Melinda Dixon, long-time teacher, counselor and academic coach at Lockwood High School, died Friday, July 23, 2021, at Mercy Hospital in Springfield, at the age of 75.
She was born Melinda Susannah Peebles in 1946 in Wichita, Kansas. She was the younger daughter of the late Harry and Phyllis and sister to Carol, who survives.
Growing up, she enjoyed playing ball and attending Girl Scouts events. In high school, she lettered in tennis and badminton, was president of the Spanish Club and was the first student to be twice the editor of the school paper, Westword. She also was involved in the Future Teachers Club, knowing that was the career she wanted from an early age.
She followed her sister to Pittsburg State University, Kansas, where she met Larry Dixon from Heavener, Oklahoma. They married Jan. 20, 1967, at the campus chapel, the day after finals. Their home was the weekly spot for Star Trek Original Series viewing parties.
Melinda graduated with two bachelor’s degrees – history and Spanish. She taught her entire career at Lockwood High School, beginning in the fall of 1968. She earned her master’s degree in guidance and counseling in 1975, attending summer and night classes. Her duties split in 1978 until 2011 -- part-time counselor and part-time Spanish and history teacher. After taking her Spanish class, students were always referred to by their new names.
Melinda was the first Lockwood teacher to be initiated into the Delta Kappa Gamma, women educators sorority, and served as president of the local chapter nearly 20 years. She semi-retired in 2001 and fully after the 2012-13 school year. At that time, the University of Missouri-Columbia Missouri Scholars Academy named her an Outstanding Teacher.
She remained involved, by working the scorer’s table for volleyball games for more than 30 years and donating to various club and school projects, particularly the library.
In 1972, she expanded the school’s Scholar’s Bowl program, which had only been part of a monthly Aurora radio station program “Tournament of Knowledge.” After she and English teacher Margaret Burns attended a Bronaugh academic competition in 1974, she asked the shop teacher to build two wooden buzzer boxes with lock-out systems, which were used by Lockwood teams for the next 30-plus years.
She and Larry were instrumental in elevating the quality of academic team competition in Southwest Missouri and later across the state. The Lockwood Scholar’s Bowl tournament, started in 1977, was one of the premier events in the area and, in 1993, they developed the Mind Games, one of the largest tournaments extending across two sites and a week of nightly games. Her teams were successful, filling trophy cabinets with more than one-thousand victories.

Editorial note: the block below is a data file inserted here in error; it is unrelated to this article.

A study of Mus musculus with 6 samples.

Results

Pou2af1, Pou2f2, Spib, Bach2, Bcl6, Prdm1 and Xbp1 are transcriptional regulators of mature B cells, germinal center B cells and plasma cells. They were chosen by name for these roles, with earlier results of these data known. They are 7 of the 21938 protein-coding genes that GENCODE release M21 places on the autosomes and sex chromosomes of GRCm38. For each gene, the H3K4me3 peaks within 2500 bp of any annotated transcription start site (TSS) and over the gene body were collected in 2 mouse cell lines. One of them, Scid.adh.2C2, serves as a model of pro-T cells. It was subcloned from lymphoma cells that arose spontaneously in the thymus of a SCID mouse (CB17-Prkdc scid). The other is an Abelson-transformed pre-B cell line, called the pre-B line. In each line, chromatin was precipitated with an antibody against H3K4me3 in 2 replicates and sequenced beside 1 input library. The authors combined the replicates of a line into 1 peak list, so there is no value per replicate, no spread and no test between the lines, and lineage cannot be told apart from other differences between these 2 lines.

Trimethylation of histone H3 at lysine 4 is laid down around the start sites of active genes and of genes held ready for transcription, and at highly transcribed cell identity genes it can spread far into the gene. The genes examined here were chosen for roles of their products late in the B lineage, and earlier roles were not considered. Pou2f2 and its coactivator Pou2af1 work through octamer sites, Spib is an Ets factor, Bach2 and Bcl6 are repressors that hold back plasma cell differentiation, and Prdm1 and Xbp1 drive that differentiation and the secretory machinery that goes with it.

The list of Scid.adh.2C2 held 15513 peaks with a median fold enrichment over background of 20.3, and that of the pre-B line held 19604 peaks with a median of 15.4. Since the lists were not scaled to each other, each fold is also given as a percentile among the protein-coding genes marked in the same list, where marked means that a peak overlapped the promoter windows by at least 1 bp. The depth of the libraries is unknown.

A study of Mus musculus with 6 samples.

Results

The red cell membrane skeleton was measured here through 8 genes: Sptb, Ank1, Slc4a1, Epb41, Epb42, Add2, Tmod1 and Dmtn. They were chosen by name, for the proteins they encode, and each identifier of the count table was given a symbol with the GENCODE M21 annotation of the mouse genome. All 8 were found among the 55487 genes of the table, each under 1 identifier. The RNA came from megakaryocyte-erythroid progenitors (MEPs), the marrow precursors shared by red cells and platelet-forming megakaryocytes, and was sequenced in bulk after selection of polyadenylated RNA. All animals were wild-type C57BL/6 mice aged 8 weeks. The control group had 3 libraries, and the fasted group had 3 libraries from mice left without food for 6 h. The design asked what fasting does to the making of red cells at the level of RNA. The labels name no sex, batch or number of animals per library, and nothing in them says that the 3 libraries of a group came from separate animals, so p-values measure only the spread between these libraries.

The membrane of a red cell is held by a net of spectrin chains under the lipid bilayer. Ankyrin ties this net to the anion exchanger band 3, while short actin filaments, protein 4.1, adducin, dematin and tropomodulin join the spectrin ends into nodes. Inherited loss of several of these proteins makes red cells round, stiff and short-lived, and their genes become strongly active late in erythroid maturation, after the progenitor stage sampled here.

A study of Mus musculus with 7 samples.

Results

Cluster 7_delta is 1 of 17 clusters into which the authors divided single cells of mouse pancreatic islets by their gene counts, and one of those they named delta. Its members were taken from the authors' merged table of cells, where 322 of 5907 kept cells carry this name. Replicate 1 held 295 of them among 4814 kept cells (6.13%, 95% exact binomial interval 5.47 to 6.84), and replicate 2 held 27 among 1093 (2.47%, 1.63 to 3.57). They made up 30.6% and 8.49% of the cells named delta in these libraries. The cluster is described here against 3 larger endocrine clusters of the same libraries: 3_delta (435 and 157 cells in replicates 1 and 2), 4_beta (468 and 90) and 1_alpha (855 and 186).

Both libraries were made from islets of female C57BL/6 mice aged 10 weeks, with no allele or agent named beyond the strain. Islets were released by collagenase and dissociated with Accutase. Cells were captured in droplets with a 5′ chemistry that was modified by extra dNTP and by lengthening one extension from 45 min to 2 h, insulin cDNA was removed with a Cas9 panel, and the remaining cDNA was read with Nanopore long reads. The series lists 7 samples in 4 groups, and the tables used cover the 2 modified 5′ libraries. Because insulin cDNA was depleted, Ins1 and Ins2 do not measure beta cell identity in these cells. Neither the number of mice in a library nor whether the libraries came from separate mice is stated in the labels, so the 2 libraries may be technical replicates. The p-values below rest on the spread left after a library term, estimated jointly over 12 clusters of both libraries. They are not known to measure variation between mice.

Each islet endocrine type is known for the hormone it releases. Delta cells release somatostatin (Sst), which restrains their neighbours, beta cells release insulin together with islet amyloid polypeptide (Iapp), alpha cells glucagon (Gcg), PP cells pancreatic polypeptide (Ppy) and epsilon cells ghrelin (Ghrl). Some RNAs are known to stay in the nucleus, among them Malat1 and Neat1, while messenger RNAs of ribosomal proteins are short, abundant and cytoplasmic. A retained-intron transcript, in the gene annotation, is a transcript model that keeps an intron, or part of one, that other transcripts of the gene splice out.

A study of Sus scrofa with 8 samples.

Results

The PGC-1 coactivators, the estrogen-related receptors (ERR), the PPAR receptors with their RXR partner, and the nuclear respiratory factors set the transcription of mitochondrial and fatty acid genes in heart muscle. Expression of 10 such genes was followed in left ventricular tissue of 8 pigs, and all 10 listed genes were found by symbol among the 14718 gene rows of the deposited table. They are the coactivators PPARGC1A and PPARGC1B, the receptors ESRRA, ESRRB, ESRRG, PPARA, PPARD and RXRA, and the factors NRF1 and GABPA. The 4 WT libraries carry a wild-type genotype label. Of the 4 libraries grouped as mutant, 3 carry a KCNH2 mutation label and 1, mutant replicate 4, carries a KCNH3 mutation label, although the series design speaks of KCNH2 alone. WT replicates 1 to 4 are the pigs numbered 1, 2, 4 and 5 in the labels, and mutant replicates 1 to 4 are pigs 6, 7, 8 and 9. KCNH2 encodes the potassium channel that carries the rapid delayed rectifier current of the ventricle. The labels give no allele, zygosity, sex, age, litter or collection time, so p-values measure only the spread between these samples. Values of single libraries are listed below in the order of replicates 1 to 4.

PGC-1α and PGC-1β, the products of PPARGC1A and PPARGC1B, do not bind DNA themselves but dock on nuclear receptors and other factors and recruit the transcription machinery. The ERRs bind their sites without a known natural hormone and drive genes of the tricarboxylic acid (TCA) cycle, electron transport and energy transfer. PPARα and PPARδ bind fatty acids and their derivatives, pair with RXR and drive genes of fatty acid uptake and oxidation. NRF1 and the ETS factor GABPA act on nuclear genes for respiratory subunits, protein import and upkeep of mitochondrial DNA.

In 1985, she helped the Midwest Conference organize a scholar’s bowl tournament, drafting the original by-laws. And in 1988, Larry and Melinda started the L&M Question Service, providing sets of well-written and properly-researched questions for other tournaments.
She was a founding member of Missouri Academic Teachers Association about 1990, receiving the Carol Farmer’s Founder’s Award in 1997 and serving as the statewide president in 2000. When the Missouri State High School Activities Association took responsibility for academic competitions in the early 1990s, Melinda was active in its development, serving on the advisory committee for several years.
Melinda and Larry were selected as Grand Marshals in the 2015 September Days parade, receiving the Optimist Club’s first Influential Citizens of Lockwood award. And they celebrated their 50th anniversary in January 2017, just before Larry died of brain cancer.
She grew up in the Methodist church, but was active at First Baptist Church in Lockwood, teaching upper-elementary Sunday School and Vacation Bible School classes and also serving as Sunday School superintendent 15 years. Later, she enjoyed the fellowship of the women in her adult Sunday School class.
Melinda looked forward to the flowers Larry planted in their well-known garden and she cared for several cats, including Lady Jane Grey and Earl Grey. She enjoyed cooking, canning, reading, playing solitaire and taking care of others.
She was part of the Lockwood Women’s Bowling Association for nearly 25 years, was a long-time leader of the Lockwood Learners 4-H Club, and was bookkeeper for many years for the summer and high school softball teams.
Melinda is survived by one daughter, Michelle, and her husband, Stephen Brooks, Jefferson City; one grandson, William Reagan, Jefferson City; a sister, Carol Peebles, San Diego, California; and her AFS exchange student-daughter, Jonnine Tyler Boyd, Taupo, New Zealand.
Donations requested to plant a tree in remembrance of both Dixons or to the Shelley Sparks Memorial Academic Team Scholarship at Lockwood High School.
Graveside services were held at 11 a.m. on Tuesday, August 3, 2021, in Lockwood Cemetery. The family received friends on Monday from 4 to 7 p.m. at the Lockwood First Baptist Church.
Online condolences may be shared at www.greenfieldfuneralchapel.com. Services were under the care of Lockwood Funeral Chapel.